FORT WAYNE, Ind. (AP) - The City of Hammond has agreed to move a historic locomotive to Fort Wayne for restoration and preservation.
The Fort Wayne Railroad Historical Society announced the Nickel Plate Road steam locomotive No. 624 will be moved to a private facility in northeast Indiana for a full cosmetic restoration, and possible operational restoration after further inspection.
The initial restoration is estimated to cost $250,000, but a full restoration that would make the locomotive operational could cost about $1.2 million.
“Considering how long the locomotive has been outside, it’s in remarkably good shape. The abatement early in its display life did wonders to preserve the boiler,” Zach Hall, the society’s operations manager and mechanical consultant, said. “While there is some obvious deterioration, it can be repaired. Beneath all the rust and faded paint is a locomotive in decent condition.”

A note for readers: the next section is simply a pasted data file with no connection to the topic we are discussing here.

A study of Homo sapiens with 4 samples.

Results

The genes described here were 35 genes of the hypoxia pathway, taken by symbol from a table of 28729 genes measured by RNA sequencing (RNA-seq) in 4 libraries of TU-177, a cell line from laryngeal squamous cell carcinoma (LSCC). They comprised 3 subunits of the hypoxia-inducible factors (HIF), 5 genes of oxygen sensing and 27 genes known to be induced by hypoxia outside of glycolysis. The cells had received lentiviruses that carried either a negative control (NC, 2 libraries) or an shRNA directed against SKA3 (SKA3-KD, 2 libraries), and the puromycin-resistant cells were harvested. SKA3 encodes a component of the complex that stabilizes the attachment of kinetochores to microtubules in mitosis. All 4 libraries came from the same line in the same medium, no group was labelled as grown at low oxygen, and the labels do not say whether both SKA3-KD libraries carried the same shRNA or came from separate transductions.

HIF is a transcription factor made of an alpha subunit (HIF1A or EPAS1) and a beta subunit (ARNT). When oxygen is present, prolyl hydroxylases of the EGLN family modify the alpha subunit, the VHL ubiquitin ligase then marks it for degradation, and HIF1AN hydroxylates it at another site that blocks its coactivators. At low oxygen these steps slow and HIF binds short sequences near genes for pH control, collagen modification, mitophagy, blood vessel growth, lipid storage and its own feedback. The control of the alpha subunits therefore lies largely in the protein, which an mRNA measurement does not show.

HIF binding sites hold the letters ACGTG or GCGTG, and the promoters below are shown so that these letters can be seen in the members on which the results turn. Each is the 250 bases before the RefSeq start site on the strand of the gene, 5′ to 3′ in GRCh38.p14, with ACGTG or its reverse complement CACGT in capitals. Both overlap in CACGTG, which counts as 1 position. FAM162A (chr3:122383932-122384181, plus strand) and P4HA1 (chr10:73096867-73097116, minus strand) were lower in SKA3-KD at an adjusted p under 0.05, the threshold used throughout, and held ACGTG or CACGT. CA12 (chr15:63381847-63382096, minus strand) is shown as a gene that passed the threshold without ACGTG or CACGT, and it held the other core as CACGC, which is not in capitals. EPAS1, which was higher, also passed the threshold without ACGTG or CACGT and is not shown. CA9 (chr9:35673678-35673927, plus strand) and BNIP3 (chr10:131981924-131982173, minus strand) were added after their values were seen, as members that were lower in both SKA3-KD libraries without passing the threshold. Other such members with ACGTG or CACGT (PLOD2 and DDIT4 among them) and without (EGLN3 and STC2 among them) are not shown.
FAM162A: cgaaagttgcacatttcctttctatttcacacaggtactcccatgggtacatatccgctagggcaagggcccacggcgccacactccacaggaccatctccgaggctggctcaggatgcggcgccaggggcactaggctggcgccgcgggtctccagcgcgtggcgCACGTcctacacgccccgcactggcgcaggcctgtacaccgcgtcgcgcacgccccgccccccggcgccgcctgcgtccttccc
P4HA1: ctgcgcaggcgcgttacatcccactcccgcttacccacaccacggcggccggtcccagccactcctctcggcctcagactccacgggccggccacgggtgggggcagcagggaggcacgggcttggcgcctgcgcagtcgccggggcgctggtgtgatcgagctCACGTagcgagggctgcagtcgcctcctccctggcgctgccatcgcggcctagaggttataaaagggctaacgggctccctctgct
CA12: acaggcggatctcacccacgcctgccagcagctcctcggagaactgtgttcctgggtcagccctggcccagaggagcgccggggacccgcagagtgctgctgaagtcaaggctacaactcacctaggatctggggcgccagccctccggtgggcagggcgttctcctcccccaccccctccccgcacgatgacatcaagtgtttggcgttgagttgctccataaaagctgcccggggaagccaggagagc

The locomotive was built in 1922 by Lima Locomotive Works and was donated to the City of Hammond in 1955. The restoration project will be sponsored by a private donor, with the historical society providing technical support.
“Conversations about what to do with park engines like the 624 can be challenging for any community and it’s rare to have both the right opportunity, partners and experience as we do in the situation with 624,” society vice president Kelly Lynch said. “We are excited for the opportunity to give this important artifact a bright new future and carry on the legacy of Hammond’s railroad history.”
The historical society, which announced the plans on Wednesday, plans to eventually house the locomotive at Headwaters Junction, a railroad roundhouse and museum planned for downtown Fort Wayne.